Students may soon dissect frogs and fetal pigs with a computer mouse instead of a scalpel.
Animalearn, a program designed to allow students and teachers alternatives to animal dissections in schools, has come out with a variety of high-tech solutions to those wary of formaldehyde. Some of the program’s alternatives include ideas like Multimedia Computer Simulation, which offers students and teachers everything from virtual dissections to full reality simulations.
“Software is available that provides students with tutorials and simulations requiring them to make their own decisions while allowing them to work at their own pace,” according to the Animalearn Web site.
Both the Poudre and Centennial High Schools in Fort Collins use dissection in their science classrooms. At Poudre High School, they also have the alternative of virtual dissections for students uncomfortable with dissecting the specimen. This allows students to participate and learn the same material as other students, but does not force them to perform an activity they may not be comfortable being a part of, said John Knight, head of the science department at Poudre High School.
Some of the animals dissected in the high schools in Fort Collins include cats, crayfish, squid, clams, starfish, earthworms, fetal pigs, shark, perch and snake.
Although many of the Animalearn teaching materials avoid using animals in the procedures, they also emphasize the importance of gaining real experience from dissections.
In an effort to conduct dissections and still maintain a humane approach, one of the program’s ideas posted on their website is to use “ethically sourced” animal cadavers. These come from places such as veterinary teaching hospitals and farms where the animals have either died naturally or in accidents, or were euthanized. This is an alternative to places where animals are bred or killed in order to provide cadavers or tissue samples for experiments and dissection purposes.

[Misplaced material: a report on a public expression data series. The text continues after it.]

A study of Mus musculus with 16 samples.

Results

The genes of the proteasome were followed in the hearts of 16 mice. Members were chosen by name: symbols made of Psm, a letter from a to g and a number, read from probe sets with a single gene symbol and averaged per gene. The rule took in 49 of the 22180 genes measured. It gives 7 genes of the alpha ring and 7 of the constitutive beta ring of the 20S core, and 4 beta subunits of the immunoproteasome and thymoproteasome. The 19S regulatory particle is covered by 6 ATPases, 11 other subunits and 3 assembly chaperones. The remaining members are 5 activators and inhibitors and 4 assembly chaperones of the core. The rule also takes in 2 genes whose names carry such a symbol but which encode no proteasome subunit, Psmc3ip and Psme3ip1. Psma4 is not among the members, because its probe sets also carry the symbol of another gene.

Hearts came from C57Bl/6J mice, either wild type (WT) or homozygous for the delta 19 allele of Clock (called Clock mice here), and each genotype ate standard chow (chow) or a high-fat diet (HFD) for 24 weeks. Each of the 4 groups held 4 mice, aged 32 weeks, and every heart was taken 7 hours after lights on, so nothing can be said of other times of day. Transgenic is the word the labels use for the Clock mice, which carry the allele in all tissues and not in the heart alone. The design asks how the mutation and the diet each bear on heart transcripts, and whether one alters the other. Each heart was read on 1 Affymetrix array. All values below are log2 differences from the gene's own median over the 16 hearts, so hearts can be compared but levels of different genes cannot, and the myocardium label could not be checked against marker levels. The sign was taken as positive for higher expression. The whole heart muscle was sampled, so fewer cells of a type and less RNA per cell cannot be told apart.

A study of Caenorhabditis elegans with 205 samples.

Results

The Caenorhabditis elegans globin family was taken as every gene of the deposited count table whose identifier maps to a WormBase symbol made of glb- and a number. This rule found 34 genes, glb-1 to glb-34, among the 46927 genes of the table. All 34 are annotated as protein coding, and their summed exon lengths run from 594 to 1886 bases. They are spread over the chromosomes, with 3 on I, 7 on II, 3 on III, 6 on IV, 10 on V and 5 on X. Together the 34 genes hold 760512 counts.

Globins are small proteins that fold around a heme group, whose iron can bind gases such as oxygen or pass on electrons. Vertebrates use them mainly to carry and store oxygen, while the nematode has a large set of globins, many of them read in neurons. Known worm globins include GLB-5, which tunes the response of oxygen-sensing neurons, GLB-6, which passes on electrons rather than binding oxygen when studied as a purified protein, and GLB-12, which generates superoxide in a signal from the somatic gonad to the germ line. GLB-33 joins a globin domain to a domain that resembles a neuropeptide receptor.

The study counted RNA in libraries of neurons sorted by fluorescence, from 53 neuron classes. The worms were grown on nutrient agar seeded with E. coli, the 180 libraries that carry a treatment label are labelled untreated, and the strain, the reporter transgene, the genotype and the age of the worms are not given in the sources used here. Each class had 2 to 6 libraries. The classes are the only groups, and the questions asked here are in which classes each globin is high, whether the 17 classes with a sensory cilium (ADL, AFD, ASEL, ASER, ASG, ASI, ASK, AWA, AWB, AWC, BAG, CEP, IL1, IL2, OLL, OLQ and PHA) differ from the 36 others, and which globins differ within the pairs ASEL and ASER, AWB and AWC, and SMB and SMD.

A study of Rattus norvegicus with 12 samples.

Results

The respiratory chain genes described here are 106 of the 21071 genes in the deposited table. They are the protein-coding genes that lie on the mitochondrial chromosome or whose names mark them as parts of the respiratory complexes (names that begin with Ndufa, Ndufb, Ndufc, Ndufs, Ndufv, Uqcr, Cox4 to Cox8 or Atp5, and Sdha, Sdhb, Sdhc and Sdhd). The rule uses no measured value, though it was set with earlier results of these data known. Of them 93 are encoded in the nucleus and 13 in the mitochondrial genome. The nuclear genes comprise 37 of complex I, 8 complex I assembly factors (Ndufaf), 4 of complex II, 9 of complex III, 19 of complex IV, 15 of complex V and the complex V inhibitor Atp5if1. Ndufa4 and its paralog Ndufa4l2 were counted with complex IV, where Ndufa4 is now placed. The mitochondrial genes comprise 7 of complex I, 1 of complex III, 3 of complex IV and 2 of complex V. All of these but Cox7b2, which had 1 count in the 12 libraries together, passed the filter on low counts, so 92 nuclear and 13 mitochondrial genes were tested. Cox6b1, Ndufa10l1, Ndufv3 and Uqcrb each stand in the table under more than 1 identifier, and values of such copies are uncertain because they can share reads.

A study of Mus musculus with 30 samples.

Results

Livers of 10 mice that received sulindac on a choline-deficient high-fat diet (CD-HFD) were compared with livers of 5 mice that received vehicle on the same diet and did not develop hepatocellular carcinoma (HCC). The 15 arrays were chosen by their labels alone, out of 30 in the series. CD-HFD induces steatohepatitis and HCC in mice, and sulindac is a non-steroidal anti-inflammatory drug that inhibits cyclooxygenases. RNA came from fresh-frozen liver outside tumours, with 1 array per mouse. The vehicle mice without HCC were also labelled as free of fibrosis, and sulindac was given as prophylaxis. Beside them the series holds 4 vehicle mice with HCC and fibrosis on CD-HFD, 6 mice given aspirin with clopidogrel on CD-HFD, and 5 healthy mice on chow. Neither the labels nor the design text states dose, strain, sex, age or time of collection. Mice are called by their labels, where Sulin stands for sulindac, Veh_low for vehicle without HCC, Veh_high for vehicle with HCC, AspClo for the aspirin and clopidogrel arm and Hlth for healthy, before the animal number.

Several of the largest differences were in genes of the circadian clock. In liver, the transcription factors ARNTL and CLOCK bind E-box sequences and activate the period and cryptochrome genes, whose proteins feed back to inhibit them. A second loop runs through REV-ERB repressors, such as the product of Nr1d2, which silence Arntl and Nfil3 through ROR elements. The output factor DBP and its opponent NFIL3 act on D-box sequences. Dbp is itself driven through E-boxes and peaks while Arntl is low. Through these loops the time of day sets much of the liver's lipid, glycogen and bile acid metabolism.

“Animalearn works to foster an awareness of and respect for animals used in education and to eliminate their use through the utilization of alternative methods,” according to their Web site.
Six million vertebrates are dissected each year in United States high schools. Many are also used for invasive experiments while they’re still alive, according to a news release.
Although Knight said the programs Animalearn offers may be an effective alternative, he said that there is a special kind of learning that goes on in performing dissections, and it’s important to make sure that element of learning isn’t lost in the alternatives to dissection.
“There is a quality learning that takes place in dissecting,” Knight said.
Some of the advantages to using these alternatives are a better education and financial savings, according to their website. Studies showed that students who learned with the alternate methods performed just as well as those who learned by working on animals, and half of the studies showed that the students even performed better because of the alternate methods, according to a news release.
The computer programs also provide students the ability to review what they’ve learned with the program, which isn’t an option in dissections in the classroom.
“This ability to repeat the lab is an effective pedagogical tool that animal labs cannot offer,” according to the Animalearn Web site.
An advantage for students with asthma or lung ailments may also be found in the fact that chemicals aren’t used with alternate methods, since animals preserved in the chemicals aren’t present in the alternate methods. Some of these chemicals used in preserving the animals can be harmful to students, according to the Animalearn Web site.
Animalearn has developed The Science Bank, which is the Animalearn’s program for lending out their technology materials so teachers can try some of the alternative methods to traditional dissections and other scientific procedures in the classroom. Teachers can try some of the alternate materials and are not charged for any of the materials so long as they are returned to Animalearn after the teacher is finished using them.
The products are designed for learning in anatomy, physiology and psychology, and the programs also offer books to go along with their materials. A new, recently released book “From Guinea Pig to Computer Mouse,” produced by the International Network for Humane Education and financially supported by Animalearn, contains over 500 “state-of-the-art” humane teaching alternatives to harmful use of animals in education and dissection, according to a news release from Animalearn.